Saturday, March 01, 2008

He did me much evil

“O Lord, if you mark iniquities, who shall stand?” Psalm 130:3

“Elias was a man subject to like passions as we.” James 5:17

“For God sends rain on the just and unjust.”

These are two of my favorite verses in the Bible. I have many favorite Bible verses – and for many reasons, but these verses always make me smile. Why?

“Alexander the Coppersmith did me much evil.” 2 Ti 4:14

“But Diotrephes who loves to have the pre-eminence among them.” 3 John 9

First and foremost, the epistle writers are finger-pointing. And they are so human about it. As a Christian growing up in North America, I was taught to turn the other cheek when someone wounded me or destroyed me. It was pretty evident that turning the other cheek meant no finger-pointing. This means that if someone made you lose your job, took away your spouse, stole your money, etc that you were supposed to keep your mouth shut, forgive them, and silently keep the pain to one’s self.

But here we have John the beloved disciple and Paul both indulging in finger-pointing. Hey, if Paul was the only one to whine about someone, I’d let it slide. But John the Beloved Disciple? The guy who talks about “love” in almost every verse?

It’s curious to see this. Jesus is loving and he complained about bad guys. If one reads the Book of Acts, one can see that Alexander the Coppersmith is not particularly nice either. A worshiper of Diana, he started a riot when Paul preached about Jesus in Ephesus. Likewise, Diotrephes doesn’t sound like a particularly nice person. He refused to allow his small church to care for or help traveling missionaries. So John’s assessment of the guy is valid to me. And yet, in my oh so proper heart and my pseud-upper-class snootiness, and my cultural idea of classiness and stoic behavior, I just feel a bit uncomfortable about this finger-pointing. Alexander was a pagan, and Diotrephes was a believer, probably a deacon...at least he thought he had power.

I don’t know where I got the idea that we should not complain about another person. The Bible tells us to turn the other cheek when an enemy harms us, but often we assume that this means not saying anything to those who have harmed us. Some Christians will tell everyone how they have been misused, cut others do not even complain to the one who harmed them.

I’m not going to create a theology about the fact that the Holy Spirit shows the flaws of these writers. The Bible repeatedly tells us that complaining is a sin, and that we should rejoice in all things. I am not sure if we should complain about other people only when the church is threatened. But what is interesting about these two verses is that they were human enough to complain and their hurt and anger is apparent. Paul doesn’t sound too forgiving, and John tells Gaius that he’s going to give Diotrephes a good talking-to.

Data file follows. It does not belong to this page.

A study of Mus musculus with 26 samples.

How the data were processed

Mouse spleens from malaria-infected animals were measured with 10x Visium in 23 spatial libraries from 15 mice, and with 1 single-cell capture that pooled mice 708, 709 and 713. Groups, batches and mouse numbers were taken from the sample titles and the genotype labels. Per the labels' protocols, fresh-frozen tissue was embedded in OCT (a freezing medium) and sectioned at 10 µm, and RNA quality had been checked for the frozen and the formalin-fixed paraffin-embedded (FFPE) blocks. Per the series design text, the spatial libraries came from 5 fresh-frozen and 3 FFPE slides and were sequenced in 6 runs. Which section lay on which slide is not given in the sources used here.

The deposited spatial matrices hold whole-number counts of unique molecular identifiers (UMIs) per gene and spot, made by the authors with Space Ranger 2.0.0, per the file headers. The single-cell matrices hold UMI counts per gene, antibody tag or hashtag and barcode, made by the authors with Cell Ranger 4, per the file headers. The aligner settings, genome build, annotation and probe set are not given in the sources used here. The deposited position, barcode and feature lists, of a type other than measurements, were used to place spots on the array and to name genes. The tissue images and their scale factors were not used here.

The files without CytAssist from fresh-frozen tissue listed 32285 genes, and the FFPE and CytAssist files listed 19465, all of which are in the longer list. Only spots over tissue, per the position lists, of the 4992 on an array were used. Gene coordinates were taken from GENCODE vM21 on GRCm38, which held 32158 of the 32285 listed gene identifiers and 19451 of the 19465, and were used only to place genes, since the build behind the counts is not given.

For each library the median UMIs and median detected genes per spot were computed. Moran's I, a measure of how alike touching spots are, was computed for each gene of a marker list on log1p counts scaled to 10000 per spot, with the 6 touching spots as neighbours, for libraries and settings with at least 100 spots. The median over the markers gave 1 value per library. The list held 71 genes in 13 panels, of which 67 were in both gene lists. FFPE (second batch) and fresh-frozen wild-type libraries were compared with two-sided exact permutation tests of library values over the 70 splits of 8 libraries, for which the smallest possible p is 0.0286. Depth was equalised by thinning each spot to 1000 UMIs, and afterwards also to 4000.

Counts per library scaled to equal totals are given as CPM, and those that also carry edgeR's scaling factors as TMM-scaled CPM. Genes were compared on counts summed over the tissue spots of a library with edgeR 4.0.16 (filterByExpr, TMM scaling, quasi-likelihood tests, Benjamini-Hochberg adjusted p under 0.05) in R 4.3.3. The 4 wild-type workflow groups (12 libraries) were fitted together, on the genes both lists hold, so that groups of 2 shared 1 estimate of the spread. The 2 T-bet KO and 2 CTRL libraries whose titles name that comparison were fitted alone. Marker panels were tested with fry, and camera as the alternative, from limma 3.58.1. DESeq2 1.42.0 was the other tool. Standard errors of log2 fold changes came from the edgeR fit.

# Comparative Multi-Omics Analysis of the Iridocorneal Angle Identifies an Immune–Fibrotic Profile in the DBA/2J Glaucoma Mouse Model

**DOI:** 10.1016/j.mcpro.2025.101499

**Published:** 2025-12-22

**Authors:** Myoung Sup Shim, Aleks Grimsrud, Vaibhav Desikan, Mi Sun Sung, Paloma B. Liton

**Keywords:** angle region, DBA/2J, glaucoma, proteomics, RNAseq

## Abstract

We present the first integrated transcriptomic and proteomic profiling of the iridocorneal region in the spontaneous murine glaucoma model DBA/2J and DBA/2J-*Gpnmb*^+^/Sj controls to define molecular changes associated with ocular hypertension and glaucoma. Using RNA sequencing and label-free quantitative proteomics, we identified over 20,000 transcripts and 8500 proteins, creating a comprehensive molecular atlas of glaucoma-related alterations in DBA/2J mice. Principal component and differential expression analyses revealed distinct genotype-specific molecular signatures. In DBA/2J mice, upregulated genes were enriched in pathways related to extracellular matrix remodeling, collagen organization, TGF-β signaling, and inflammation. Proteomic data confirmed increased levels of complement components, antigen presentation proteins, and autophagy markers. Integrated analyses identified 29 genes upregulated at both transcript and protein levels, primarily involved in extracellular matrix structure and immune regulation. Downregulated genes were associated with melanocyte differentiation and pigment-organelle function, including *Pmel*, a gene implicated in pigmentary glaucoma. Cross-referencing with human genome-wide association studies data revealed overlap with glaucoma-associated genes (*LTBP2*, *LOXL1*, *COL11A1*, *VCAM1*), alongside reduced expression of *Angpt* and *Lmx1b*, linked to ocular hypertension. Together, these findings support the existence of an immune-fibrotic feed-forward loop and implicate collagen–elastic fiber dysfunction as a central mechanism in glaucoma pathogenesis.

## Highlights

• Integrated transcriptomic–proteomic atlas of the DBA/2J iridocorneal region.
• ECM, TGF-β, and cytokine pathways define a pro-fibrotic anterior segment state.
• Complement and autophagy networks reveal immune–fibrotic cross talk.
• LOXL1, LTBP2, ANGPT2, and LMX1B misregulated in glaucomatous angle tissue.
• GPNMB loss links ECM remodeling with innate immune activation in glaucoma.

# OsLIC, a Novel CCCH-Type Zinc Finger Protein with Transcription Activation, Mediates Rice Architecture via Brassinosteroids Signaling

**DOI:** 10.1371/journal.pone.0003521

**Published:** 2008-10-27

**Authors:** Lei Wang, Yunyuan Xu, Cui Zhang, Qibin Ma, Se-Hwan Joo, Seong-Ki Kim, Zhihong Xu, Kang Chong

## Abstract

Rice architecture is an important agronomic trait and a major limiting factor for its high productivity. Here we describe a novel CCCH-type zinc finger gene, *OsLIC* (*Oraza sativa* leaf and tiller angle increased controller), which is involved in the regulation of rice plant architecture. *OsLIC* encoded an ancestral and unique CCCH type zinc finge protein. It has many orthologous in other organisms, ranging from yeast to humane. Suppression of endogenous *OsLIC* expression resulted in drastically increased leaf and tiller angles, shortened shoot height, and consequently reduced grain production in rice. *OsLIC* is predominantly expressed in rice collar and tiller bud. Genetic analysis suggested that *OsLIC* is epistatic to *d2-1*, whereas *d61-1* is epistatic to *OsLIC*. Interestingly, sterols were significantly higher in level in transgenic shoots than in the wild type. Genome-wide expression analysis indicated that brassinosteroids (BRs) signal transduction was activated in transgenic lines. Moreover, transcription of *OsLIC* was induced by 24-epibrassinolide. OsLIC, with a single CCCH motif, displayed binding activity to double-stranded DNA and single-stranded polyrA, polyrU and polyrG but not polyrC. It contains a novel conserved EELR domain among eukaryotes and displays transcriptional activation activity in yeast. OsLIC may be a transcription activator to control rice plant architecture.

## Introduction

This leads me to Elias. James tells us that he was a man who was subject to like passions as we are and yet he prayed and God heard him. “Subject to?” Interesting phrase. According to Vine’s, it means “bound by.” It could also mean “in danger of being penalized for a misdeed” or “controlled by” Imagine that? Remember Elias? He battled Jezebel. He was burned out. He wanted to die so much and was so tired of living that he actually asked God to take him. And God answered him by letting him die.

Elias was moody, depressed, beaten. And God answered his prayer. John and Paul were none-too-perfect either. Although God had said “It is not good for the man to be alone.” Although the writers of the book of Proverbs had said, “He who finds a wife finds a good thing,” Paul’s attitude was “if you marry you’re going to be in trouble: don’t do it.” As for John, it’s pretty difficult to find something bad to say about him. After all, he was the one disciple who was manly enough to align himself with Jesus when Jesus was suffering. But...yes, there is this little matter of finger-pointing. He’s talking behind someone’s back here, and probably Diotrephes deserved it. But it’s not something we perfectionist Christians would be happy about. So, yes, John is not perfect. And, frankly, that makes me incredibly happy.

Often we think that God will only answer our prayers if we are perfect. While it is good to have a pure heart, a clean soul, and a holy mind when we pray, we have a loving God who remembers that we are human. Jesus told us that God sends sun and rain on both the just and the unjust. God is so loving and good that both the evil farmer and the good farmer can depend on him for rain and sunshine.

Jesus is a wonderful high priest -- not because he was good, but because he knows how hard it is to be good. Ask God for wisdom. Ask God for healing. Ask God for blessings. He loves you. You may be surprised that He will bless you even if you are not perfect enough for him to answer your prayer.